Time does not heal: communicating better in team sports
Team sports ask for more than just individual contributions of each player’s skills and talents. It requires collaborative effort and contribution to both individual and team goals; simply put, teamwork. Regardless of sport, at the heart of team sports is: people, and managing the relationships between them. A team would unlikely see the peak of its success even with the best strategies and individual players if the interpersonal relationships of these players are not well-managed.
‘Effective teamwork begins and ends with communication.’ - Mike Krzyzewski
Research shows that among the different reasons for team under-performance, interpersonal problems were among the top reasons for prolonged team under-performance. It is not surprising where there are people working in collaboration, interpersonal problems are bound to surface. Having said that, interpersonal issues are not the cause of breakdown in teamwork, but rather how we deal with them. Unlike the popular saying, silence is not golden, especially in thriving sports teams. Effective communication is needed to manage interpersonal conflict. Dealing with conflicts through effective communication can, in fact, improve teamwork and increase performance. It allows the team to support each other, and complement their teammates’ strengths and weaknesses.
This question then arises, ‘How do we communicate effectively?’
There are three things we can do to adopt effective communication when interpersonal conflicts arise:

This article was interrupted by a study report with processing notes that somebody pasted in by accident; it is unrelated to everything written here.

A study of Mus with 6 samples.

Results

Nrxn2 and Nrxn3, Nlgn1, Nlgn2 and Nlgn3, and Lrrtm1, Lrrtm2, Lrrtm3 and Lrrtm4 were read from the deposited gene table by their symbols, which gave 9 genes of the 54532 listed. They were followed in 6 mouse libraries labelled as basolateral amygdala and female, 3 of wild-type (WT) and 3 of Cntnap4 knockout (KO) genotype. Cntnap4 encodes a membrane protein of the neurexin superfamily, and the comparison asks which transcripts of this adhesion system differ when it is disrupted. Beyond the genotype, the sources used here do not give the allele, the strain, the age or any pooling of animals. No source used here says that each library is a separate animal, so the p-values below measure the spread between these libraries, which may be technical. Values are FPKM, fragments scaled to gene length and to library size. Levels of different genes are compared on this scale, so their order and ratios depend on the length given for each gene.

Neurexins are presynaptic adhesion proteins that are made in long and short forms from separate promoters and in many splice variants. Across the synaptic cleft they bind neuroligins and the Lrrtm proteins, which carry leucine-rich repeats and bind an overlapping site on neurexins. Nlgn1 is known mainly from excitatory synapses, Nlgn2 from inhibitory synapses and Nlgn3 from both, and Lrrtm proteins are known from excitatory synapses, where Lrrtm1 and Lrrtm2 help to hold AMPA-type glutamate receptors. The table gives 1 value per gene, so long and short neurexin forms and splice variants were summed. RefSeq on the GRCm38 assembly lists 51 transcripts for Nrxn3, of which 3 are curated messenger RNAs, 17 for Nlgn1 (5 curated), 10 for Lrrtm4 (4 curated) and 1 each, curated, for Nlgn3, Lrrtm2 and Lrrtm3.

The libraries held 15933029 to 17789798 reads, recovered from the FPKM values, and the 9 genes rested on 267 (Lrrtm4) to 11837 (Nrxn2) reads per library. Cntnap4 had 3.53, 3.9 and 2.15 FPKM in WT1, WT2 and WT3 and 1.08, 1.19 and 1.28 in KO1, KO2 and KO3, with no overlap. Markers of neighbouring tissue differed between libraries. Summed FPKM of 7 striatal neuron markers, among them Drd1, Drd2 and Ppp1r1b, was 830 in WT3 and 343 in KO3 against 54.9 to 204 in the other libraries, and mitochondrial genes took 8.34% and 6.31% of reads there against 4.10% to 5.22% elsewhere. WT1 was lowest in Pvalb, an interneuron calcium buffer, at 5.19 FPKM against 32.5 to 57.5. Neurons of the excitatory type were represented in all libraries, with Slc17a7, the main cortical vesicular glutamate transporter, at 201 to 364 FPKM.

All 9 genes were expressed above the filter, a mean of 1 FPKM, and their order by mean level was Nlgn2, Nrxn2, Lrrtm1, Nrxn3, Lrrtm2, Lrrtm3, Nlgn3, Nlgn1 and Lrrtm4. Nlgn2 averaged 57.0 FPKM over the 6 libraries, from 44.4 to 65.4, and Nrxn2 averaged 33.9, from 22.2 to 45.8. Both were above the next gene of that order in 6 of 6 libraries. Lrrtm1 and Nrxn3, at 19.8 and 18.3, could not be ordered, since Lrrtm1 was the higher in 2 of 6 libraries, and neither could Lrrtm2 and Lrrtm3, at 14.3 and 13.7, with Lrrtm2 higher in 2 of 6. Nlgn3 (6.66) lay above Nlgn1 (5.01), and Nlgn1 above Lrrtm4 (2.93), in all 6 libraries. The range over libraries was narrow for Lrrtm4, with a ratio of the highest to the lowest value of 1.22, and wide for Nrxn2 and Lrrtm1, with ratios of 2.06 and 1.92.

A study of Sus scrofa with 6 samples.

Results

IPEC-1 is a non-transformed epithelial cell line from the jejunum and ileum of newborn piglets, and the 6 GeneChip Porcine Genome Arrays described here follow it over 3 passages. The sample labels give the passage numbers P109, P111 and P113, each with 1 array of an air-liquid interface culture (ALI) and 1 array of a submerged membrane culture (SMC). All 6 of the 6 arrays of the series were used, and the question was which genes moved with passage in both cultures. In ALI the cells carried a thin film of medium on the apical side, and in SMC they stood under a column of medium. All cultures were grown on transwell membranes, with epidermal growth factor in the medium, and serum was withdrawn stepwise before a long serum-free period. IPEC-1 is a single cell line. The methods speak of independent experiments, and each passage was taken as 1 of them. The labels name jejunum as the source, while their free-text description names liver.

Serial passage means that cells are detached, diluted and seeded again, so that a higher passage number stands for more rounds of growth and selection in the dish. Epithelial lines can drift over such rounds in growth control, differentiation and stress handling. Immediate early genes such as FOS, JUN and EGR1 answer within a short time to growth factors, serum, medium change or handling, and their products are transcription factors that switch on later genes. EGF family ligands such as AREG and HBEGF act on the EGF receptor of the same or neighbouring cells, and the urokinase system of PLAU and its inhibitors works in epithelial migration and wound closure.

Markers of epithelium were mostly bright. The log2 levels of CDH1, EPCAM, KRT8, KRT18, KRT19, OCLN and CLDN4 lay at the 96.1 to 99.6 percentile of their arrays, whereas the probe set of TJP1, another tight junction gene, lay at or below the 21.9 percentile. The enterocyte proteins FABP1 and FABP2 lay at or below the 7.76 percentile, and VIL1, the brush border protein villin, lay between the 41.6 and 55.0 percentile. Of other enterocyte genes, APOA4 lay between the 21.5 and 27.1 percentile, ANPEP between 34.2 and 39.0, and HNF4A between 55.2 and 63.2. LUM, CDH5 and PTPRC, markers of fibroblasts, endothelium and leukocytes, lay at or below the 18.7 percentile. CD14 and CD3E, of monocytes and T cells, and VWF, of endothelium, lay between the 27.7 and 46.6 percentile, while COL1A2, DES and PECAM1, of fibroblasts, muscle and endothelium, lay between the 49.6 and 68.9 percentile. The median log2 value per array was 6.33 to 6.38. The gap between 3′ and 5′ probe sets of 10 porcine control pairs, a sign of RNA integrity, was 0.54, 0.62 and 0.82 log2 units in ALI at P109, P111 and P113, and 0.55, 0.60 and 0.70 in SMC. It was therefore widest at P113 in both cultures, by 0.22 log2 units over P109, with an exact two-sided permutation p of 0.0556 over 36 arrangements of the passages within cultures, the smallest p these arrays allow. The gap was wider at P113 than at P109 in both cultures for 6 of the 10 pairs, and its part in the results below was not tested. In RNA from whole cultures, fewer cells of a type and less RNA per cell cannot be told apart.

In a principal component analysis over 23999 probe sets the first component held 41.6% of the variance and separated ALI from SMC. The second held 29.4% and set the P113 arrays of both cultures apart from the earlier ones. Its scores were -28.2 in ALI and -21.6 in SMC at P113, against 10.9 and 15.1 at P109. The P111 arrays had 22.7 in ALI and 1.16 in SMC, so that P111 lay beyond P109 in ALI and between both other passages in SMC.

1. Dealing with conflict as soon as it happens
While it is important that the parties involved are not in the spur of the moment, it is equally important that conflicts are dealt with as soon as possible. In team sports, players do not only rely on each other during game times but also during training sessions. Putting the problem aside only leaves room for escalation of the problem. This hinders effective teamwork and in serious circumstances, causes collective team under-performance. Therefore, a swift intervention when the situation cooled down can be efficient in avoiding things swept under the carpet.
2. Finding a neutral mediator
If conflict is between a few players in the team, it would be helpful to include a neutral mediator when communicating the conflict. Mediators can help to facilitate the conversation, ask questions and help keep the conversation fitted for the purpose of communicating about a conflict.
3. Communicating through a structured session
Structure is important in conversing about conflict, especially if the conflict involves the team as a whole. Structured sessions can ensure that the problem is addressed, and the goal of ‘talking it out’ is met. The above tip of a mediator helps in this situation.
4. Be open and honest
This is easier said than done. However, effective communication cannot be achieved if the problem is not addressed openly. Not only does beating around the bush defeat the purpose of communicating, it also provides more grounds for misunderstanding. The key to effective communication is being open and honest about the conflict, and those do not conflict with being kind and careful with the type of words we use when communicating.
It is important to communicate effectively in team sports. It may be hard to cultivate this in a team immediately, but we can play our part in the team to be effective communicators (even be the mediators), to facilitate healthy communication within the team. If you think your team can work on better communication, have a conversation with us on your challenges, and we are keen to work with you (and your team) to create a better flow of communication and enhance your experience in your team performance!